Russell Hixson
B.C. proposes asbestos abatement rule changes, looks for feedback
WORKSAFEBC — A graphic from WorkSafeBC shows the possible locations of asbestos in a home. The Province of B.C. is proposing significant changes to the asbestos abatement industry that would require certification and training.

B.C. is looking to protect workers and the public from asbestos risks by increasing regulations for asbestos work.

The new safety requirements would apply to contractors, employers and workers who undertake asbestos abatement work.

The proposed changes would require asbestos abatement contractors to be licensed by WorkSafeBC to operate in the province. Employers, workers and contractors who perform asbestos abatement work would have to be certified through a mandatory safety training process that would be authorized by WorkSafeBC.

“The proposed amendments would help strengthen the existing regulatory requirements for asbestos abatement work,” said the province in a press release. “All contractors in good standing would be listed on a publicly accessible registry so that building owners can ensure they are hiring a qualified company with trained workers.”

The proposed amendments would also strengthen WorkSafeBC’s enforcement tools and grant the authority to deny, cancel or suspend licences of non-compliant contractors.

The province’s insulator workers and unions have spent years urging the province to take action on asbestos risks.

“It’s certainly something we have been advocating for some time,” said Neil Munro, BC Insulators Local 118 business manager. “It’s long past due and the fact that the government is seeking public feedback is an important step in the right direction.”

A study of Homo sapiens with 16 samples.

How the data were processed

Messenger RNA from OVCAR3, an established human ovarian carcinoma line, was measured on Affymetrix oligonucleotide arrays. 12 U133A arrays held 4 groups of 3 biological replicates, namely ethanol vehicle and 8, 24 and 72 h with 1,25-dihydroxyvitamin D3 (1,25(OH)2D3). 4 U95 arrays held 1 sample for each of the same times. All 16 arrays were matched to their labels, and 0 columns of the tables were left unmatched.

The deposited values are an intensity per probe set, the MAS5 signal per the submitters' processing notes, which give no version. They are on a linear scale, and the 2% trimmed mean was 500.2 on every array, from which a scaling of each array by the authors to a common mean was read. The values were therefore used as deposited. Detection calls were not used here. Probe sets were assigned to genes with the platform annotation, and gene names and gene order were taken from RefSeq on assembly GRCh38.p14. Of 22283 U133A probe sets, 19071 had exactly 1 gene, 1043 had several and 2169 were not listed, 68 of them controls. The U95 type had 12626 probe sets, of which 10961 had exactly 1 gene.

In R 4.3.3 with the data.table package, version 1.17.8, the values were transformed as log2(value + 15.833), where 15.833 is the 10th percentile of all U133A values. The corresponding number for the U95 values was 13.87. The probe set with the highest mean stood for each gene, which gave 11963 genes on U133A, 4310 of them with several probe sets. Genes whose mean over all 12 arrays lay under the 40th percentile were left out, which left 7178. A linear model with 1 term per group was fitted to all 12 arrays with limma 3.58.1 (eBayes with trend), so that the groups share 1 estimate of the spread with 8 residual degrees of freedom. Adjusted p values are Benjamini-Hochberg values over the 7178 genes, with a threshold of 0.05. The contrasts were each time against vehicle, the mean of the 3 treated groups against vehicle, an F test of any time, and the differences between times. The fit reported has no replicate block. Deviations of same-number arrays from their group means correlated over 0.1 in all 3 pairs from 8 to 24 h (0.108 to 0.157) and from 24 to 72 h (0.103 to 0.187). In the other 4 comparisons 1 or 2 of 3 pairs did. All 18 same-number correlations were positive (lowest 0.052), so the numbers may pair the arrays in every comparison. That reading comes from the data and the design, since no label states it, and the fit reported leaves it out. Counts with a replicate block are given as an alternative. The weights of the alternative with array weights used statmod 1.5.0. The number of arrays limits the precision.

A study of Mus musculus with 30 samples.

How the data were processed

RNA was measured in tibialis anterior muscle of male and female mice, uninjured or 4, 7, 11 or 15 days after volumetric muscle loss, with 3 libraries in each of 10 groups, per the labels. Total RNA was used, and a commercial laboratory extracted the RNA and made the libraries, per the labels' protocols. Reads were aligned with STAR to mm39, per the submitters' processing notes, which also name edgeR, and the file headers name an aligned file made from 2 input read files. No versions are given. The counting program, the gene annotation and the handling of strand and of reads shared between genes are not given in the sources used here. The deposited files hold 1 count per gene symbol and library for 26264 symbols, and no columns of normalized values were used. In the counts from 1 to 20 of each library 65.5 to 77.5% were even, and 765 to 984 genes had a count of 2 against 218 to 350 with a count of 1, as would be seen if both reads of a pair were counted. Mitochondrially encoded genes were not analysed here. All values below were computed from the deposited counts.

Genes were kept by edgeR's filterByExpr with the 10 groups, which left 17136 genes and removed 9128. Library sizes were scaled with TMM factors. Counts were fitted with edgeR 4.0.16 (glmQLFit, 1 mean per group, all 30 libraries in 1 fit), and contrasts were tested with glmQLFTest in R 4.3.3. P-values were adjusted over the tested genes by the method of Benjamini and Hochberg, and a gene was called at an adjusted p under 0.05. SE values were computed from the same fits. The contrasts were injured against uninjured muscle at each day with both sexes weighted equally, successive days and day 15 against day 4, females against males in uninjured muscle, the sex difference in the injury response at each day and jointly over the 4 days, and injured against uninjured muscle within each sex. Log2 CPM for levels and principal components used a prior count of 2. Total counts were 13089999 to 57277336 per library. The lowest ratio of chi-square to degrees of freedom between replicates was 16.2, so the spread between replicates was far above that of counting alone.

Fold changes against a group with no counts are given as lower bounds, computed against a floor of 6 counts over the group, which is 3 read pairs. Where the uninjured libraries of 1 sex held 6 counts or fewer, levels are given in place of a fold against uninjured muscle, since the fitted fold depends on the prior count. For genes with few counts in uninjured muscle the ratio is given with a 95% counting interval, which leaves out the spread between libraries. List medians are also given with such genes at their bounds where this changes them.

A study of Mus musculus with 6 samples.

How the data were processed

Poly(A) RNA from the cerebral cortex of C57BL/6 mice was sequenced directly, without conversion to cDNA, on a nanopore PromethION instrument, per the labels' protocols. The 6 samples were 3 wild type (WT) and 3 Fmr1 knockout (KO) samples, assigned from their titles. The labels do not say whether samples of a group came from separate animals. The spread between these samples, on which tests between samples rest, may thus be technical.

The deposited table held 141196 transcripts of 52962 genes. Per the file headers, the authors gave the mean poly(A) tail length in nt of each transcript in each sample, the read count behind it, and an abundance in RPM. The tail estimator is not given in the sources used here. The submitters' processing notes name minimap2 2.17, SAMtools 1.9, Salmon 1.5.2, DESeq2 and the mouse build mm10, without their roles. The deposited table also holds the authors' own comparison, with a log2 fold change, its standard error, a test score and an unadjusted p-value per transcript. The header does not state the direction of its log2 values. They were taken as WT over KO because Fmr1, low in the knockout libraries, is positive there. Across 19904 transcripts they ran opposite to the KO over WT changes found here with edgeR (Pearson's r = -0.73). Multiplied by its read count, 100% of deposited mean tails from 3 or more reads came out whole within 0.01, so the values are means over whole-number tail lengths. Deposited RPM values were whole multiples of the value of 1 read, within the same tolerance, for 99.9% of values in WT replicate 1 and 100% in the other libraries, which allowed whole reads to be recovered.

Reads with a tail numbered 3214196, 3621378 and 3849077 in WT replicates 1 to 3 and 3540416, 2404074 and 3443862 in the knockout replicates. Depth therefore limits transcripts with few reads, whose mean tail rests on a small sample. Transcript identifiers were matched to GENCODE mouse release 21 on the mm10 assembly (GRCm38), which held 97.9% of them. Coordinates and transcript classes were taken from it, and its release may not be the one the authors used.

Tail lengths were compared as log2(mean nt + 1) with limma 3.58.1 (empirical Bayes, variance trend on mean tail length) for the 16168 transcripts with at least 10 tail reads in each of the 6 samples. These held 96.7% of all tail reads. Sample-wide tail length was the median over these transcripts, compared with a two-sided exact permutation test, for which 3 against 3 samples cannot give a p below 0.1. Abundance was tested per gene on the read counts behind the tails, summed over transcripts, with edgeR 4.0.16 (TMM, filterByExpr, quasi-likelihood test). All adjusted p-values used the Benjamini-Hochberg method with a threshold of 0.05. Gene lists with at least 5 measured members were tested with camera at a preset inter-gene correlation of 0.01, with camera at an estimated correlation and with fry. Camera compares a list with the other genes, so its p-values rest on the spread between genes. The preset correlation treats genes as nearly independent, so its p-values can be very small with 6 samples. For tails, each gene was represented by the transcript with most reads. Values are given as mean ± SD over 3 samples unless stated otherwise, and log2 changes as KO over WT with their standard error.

According to a 2018 report, from 2008 to 2017 there were 617 worker deaths in B.C. related to asbestos exposures, with the majority of those workers dying before the age of 65.

In 2017, 70 B.C. workers died from asbestos-related illnesses.

Asbestos-related diseases are the leading cause of workplace deaths in British Columbia because of significant workplace exposures to asbestos 20, 30 or more years ago. Even today workers continue to be exposed.

Munro noted that these deaths are just the tip of the iceberg as asbestos exposure impacts many others, include the families of those workers who may get exposed just by washing their work clothes.

“It’s not just workers,” said Munro. “It’s literally everybody. It has an enormous impact and we are looking forward to these next steps.”

The province’s report estimates potentially 20 per cent of mesothelioma cases may be related to non-occupational exposure.

Munro noted while there are good contractors and workers who do what is required to safely deal with asbestos, there have been many significant cases of careless ones.

He cited the case of Mike Singh and his company Seattle Environmental Consulting.

Officials found the company violated workplace safety laws dozens of times at 11 worksites around the Metro Vancouver area between 2013 and 2017.

Singh was sentenced to a year of probation and six weeks house arrest. He and his company were forever banned from doing asbestos abatement work.

In 2018, WorkSafeBC prevention officers conducted 1,577 asbestos inspections, resulting in 764 compliance orders.

The province is asking B.C. residents, workers, employers, contractors and building and homeowners to give feedback on the proposed changes.

The consultation will be open from until Friday, Feb. 11. To participate, visit


Follow the author on Twitter @RussellReports.